The quick brown fox jumped over the lazy dog. The quick brown fox jumped over the lazy dog. The quick brown fox jumped over the lazy dog. The quick brown fox jumped over the lazy dog.
After the fourth time that the quick brown fox did this he began to get all cocky and started to take the piss out of the dog, saying things like 'Yah, lazy dog, you're too lazy! Lying in the sun all day like a lump of gristle! Yah, lazy lazy dog! Can't catch me, I'm the quick brown fox.'
The dog lay there, pretending to take no notice, but what the fox didn't see was one lazy looking doggy eye moving imperceptibly to the half open position as the quick brown fox jumped over him again. When the fox's belly passed above the prone canine, a single clawed paw came whipping through the air like a spiked glove and ripped a single red line across the russet fur.
'I thought you guys were supposed to be cunning,' murmured the dog, as the slow, wounded fox tried to drag itself out of range. The lazy dog lay in the same position as before, but with both eyes open this time. He observed the fox casually as it bled all over the grass, leaving a trail of russet stains on the green of the land as it tried to drag itself to safety.
'Yah, lazy fox,' growled the dog. 'Why are you moving so slowly, huh? You're too lazy, dragging yourself around like a lump of gristle? You couldn't even get away from me, and I'm the lazy dog!'
'Alright, dog,' said the fox. 'I know when I'm beaten. But I tell you this. If you kill me now, well and good. You could do that, and I couldn't stop you. But I tell you this. If you do, you'll never know what would have happened if you hadn't.'
'What would have happened?' asked the dog.
'What would have happened,' said the fox. 'Exactly.'
'Well, go on, fox,' said the dog. 'I'd like to know. What would have happened?'
'Ah,' the fox replied, coughing slightly and grimacing to show how much pain he was in. 'Fact is I can't tell you that.'
'Why not?' growled the dog. 'I'll finish you off if you don't, and that's a promise.'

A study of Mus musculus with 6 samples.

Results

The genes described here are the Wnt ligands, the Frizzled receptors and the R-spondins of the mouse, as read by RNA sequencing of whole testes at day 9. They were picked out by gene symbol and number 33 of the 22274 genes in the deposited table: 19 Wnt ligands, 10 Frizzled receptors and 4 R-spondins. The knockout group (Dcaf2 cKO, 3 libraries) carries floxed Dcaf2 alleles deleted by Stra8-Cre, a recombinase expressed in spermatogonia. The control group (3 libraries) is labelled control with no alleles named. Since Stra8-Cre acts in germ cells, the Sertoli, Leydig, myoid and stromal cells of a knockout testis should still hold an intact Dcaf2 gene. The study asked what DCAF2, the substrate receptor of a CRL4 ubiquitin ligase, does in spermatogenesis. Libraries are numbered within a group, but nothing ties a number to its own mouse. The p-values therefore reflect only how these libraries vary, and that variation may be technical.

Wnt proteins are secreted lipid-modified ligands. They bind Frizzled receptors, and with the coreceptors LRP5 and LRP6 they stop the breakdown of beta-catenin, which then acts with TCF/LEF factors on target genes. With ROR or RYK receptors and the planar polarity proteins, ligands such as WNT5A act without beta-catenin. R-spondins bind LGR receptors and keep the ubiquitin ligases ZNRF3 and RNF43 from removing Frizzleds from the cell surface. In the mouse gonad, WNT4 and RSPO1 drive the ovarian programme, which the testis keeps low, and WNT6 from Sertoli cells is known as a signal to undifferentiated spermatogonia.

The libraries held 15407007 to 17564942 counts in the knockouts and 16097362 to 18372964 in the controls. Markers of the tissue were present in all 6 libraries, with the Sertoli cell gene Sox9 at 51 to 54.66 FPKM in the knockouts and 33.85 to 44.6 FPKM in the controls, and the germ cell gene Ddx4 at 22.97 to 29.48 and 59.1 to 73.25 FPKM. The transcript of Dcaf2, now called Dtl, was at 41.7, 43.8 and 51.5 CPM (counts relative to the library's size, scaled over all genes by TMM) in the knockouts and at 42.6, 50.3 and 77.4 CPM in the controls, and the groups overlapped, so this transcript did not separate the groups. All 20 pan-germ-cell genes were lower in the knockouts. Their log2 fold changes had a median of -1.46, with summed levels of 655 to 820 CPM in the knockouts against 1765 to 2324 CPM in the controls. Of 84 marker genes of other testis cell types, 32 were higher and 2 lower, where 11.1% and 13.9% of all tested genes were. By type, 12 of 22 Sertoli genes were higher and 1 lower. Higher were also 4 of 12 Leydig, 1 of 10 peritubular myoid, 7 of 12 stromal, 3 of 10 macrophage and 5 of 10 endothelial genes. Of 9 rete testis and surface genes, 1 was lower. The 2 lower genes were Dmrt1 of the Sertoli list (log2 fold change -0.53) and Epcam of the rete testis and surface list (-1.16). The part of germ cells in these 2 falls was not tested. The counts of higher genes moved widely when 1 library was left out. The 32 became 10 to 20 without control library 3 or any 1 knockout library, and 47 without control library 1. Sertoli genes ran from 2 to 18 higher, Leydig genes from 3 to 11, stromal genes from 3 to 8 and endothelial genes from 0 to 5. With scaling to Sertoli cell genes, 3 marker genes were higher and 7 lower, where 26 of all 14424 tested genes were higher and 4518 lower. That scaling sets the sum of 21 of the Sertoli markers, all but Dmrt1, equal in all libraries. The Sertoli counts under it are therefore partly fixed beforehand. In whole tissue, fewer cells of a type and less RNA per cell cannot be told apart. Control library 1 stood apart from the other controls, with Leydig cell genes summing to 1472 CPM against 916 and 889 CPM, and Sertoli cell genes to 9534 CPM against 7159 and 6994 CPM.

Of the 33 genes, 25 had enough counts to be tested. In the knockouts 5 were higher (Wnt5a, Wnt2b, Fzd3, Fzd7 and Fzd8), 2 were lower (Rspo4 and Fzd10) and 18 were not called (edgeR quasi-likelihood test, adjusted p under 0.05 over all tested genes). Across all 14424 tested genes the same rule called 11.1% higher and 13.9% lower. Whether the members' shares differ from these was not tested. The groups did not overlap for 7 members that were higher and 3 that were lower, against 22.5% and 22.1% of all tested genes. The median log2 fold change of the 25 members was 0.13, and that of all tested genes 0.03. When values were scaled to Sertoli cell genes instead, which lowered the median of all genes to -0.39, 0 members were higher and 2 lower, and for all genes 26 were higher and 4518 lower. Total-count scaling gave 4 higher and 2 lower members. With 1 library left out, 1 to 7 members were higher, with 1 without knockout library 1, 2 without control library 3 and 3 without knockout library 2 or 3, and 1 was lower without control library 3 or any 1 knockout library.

'Thing is,' said the fox, 'that you are asking me to do something that is physically impossible.'
'Physically impossible?' barked the dog. 'Physically impossible? What foxy nonsense is that? Your riddle talk is almost as annoying as your persistent leaping over me just when I was trying to get some kip. I've a good mind to come over there and give you another swipe with my claws.'
'You could do that,' said the fox. 'I couldn't stop you from doing that.'
'You're honest enough for a fox,' said the dog. 'I'll grant you that. But I still don't understand how come you can't tell me what will happen if I just let you go.'
'Well,' said the fox, after a long pause, 'there is in fact a way.'
'Is there', growled the dog. 'I kind of thought there would be.'
'But I'll need your help.' The fox looked the dog seriously and steadily in the eyes, until the dog began almost to feel sorry for his wounded enemy. 'I can't do it without you.'
'Will I have to do much?' The dog's bark was almost playful. 'I'm kind of tired today.'
'I promise you,' said the fox, 'that your part in it will be most unstressful and entirely undemanding.'
'Hmmm,' growled the dog, gently. 'I like the sound of that. Most unstressful and entirely undemanding. Yes. That's the kind of task that suits me down to the ground.'
'Well, if you want me to tell you what happens if you don't finish me off now...' The fox broke off abruptly, to see if the dog was still listening.
'Yes? Yes?' The dog was almost panting now. 'Tell me what I have to do.'
'One word,' said the fox.
'Ok,' said the dog.
'Nothing,' said the fox.
'But I'm doing that already,' said the dog.
'So you are, friend' said the fox, who had by this time managed to drag himself close to one of his secret hideaway entrances. 'And that's what I want you to keep doing. When I come back, I'll tell you what you want to know.'
'Ok, friend,' said the dog, but the fox was gone.
And to this very day, there is a certain hillside where a lazy dog lies with one eye half open, waiting for his friend the fox to come back and tell him something. He can't even remember what it was the fox was going to tell him, but he knows it was something interesting and important, and he still believes that one day the fox will come back and tell him what it was.
MORAL: It is still better to be a quick brown fox than a lazy dog, even if all the available evidence seems to suggest otherwise.